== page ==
At U.N., Protesters Target Iran On Rights
Wednesday, September 24, 2008
As human rights advocates gathered in New York on Monday to protest rights violations by Iran's government, the fate of two Iranian physicians who initiated their country's first comprehensive HIV prevention and treatment program remains uncertain as they languish in jail cells in Tehran.
Brothers Arash and Kamiar Alaei have been held without formal charges in the high-security Evin prison since late June, when Iranian security forces seized them from their mother's Tehran home, and have virtually no contact with the outside world, according to Susannah Sirkin, a spokeswoman for the Boston-based Physicians for Human Rights.
Speakers at an international AIDS conference in Mexico City in August used the forum to appeal for the release of the brothers, who spearheaded Iran's innovative and successful strategy to combat the spread of HIV/AIDS by focusing on drug addicts. A petition for their release has been signed by more than 3,200 prominent AIDS researchers, colleagues and public health activists worldwide.
The arrest of the Alaeis is part of a wave of arbitrary detentions of professionals suspected of acting on behalf of Western interests in Iran.
Speaking on the eve of Iranian President Mahmoud Ahmadinejad's address to the U.N. General Assembly in New York on Tuesday, Hadi Ghaemi of the International Campaign for Human Rights in Iran said that "a broad crackdown on dissidents of all kinds" was one of the main features of Ahmadinejad's administration, along with a refusal "to acknowledge that anything of the sort is happening."
Although the Alaeis have not been officially charged, an Iranian lawyer in contact with Physicians for Human Rights said that the two doctors appear to have been targets of a far-reaching dragnet conducted by intelligence and security services. On Aug. 2, the Iranian Students' News Agency carried a statement by Hasan Hadad, the deputy general prosecutor of Tehran, suggesting that during their travels, the Alaeis had attempted to recruit and train people to topple the Iranian government.
"They have been involved in organizing gatherings on topics such as AIDS that have received attention from domestic and international NGOs," Hadad said. "They acted to recruit individuals to travel abroad with the aim of training them on overthrowing the system. They were well aware of their activities and topics of training, such as velvet revolutions." When the Alaeis were arrested, documents and materials in their possession were confiscated, New York-based Human Rights Watch reported in June.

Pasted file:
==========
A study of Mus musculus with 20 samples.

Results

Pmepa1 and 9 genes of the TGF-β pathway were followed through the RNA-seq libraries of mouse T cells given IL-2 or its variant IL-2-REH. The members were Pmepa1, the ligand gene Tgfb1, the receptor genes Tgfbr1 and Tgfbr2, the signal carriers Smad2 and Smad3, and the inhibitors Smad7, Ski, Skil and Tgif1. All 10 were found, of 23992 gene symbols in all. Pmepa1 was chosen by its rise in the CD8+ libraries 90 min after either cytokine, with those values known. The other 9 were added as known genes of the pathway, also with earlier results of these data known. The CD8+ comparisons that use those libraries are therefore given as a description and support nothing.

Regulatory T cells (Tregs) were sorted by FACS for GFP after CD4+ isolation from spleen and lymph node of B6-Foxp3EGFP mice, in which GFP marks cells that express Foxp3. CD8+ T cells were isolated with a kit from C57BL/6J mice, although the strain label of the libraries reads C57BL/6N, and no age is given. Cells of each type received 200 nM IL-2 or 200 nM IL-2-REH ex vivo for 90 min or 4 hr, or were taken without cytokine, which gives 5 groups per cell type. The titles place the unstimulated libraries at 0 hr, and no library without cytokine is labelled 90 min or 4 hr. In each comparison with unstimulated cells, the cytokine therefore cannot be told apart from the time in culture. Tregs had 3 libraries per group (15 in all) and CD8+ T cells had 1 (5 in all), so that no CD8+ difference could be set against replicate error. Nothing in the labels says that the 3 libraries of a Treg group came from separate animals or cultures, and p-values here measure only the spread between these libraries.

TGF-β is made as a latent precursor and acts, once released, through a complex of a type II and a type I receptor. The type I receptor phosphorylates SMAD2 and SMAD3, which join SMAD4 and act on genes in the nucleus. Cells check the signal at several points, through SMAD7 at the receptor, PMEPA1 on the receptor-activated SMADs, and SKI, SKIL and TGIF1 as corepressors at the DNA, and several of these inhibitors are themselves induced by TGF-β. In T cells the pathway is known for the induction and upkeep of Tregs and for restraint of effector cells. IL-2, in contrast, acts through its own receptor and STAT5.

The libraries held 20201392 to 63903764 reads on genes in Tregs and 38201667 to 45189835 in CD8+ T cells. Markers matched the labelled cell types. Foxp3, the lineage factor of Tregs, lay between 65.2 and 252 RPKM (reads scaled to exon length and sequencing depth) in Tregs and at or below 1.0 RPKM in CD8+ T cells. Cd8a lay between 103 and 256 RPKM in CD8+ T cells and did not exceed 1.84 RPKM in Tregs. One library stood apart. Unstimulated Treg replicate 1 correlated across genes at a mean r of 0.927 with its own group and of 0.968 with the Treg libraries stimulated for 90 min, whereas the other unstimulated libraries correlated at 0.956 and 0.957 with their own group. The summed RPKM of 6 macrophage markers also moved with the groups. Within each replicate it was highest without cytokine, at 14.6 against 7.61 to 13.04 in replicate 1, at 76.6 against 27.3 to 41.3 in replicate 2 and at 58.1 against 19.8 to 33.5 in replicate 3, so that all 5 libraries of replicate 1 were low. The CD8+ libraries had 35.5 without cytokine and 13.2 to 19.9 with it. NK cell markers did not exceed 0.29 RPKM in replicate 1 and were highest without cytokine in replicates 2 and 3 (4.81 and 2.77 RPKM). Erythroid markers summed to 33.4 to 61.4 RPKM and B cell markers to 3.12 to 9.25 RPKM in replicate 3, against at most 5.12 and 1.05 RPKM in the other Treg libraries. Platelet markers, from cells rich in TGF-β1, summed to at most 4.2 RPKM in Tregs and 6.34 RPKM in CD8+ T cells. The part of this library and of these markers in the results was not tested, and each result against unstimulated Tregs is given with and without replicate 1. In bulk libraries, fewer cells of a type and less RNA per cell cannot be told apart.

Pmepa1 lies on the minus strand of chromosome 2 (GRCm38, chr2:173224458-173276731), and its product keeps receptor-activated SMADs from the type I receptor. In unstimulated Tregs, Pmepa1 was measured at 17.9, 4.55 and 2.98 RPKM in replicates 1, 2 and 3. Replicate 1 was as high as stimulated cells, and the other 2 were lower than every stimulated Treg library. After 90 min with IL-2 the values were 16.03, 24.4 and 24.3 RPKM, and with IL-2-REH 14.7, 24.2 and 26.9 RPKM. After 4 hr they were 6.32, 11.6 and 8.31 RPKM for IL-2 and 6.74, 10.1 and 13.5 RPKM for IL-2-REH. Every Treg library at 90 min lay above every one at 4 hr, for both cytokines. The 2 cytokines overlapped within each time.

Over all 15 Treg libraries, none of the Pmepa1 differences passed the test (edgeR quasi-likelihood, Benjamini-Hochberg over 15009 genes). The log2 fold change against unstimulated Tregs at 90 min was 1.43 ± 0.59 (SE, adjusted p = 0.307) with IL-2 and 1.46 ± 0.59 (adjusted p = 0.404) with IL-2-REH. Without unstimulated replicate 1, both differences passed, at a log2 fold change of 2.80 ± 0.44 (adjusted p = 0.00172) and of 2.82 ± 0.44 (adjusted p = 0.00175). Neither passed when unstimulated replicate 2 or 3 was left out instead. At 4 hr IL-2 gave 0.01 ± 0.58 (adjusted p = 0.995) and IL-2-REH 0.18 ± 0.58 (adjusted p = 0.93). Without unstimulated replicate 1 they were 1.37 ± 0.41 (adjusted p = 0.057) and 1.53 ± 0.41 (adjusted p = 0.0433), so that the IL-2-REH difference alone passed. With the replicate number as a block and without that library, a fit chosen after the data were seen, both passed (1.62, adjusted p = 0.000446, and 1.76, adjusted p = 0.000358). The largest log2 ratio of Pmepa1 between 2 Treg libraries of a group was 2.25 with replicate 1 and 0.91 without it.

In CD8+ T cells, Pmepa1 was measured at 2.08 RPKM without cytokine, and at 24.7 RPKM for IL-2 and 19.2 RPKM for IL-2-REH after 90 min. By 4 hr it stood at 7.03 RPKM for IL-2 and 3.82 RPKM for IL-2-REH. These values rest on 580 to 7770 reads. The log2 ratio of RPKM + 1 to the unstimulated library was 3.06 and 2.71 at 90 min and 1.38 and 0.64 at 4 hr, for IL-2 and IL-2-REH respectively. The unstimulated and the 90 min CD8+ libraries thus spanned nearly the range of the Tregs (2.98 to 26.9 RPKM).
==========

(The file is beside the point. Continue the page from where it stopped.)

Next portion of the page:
"Everyone in global health is wisely advocating for civil society exchange," said Sarah Kalloch, who represented Physicians for Human Rights at the Mexico City gathering and is leading a campaign to get the Alaeis freed. "If that is a threat to the regime, it is a sad day for the health and well-being of the people of Iran."
The Alaeis were not always regarded by Tehran as a threat. Before their detention, they had international recognition for their groundbreaking work at home and in countries such as Tajikistan and Afghanistan, where they collaborated with local authorities and religious leaders. They had also received accolades and funding from Ahmadinejad's government for a five-year plan to set up an outreach and treatment network that was also backed by the Bill and Melinda Gates Foundation, the William J. Clinton Foundation and U.N.-sponsored global funds.
"Iran has had a very enlightened program for what we call harm reduction, methadone treatment, therapy and health care for injecting drug users," Kalloch noted of the AIDS-prevention approach pioneered in that country by the brothers.
Now, the program's pioneers have fallen victim to Iran's deteriorating human rights record and its lack of accountability.
There are many others. Mehdi Zakerian, a legal scholar who had a commitment to lecture at the University of Pennsylvania this semester, was detained by security agents in August. Human rights defenders, trade unionists and female activists, as well as reform-minded clerics promoting the separation of religion from politics, such as Ayatollah Boroujerdi, have been jailed.
Rights advocates have also denounced Tehran for its record on executions. Iran tops the list for juvenile executions, with 26 out of 32 worldwide since January 2005, according to a Human Rights Watch report last week. Six juvenile offenders were executed this year, while more than 130 others are on death row.
Meanwhile, the total number of executions has also skyrocketed. In 2005, the year Ahmadinejad took office, Iran executed 86 people. In 2007, the number was 317, close to a 300 percent jump. Many cases followed bogus trials and obscure judicial proceedings, according to Human Rights Watch. On July 27 alone, 29 men went to the gallows and authorities divulged only 10 names, the group said.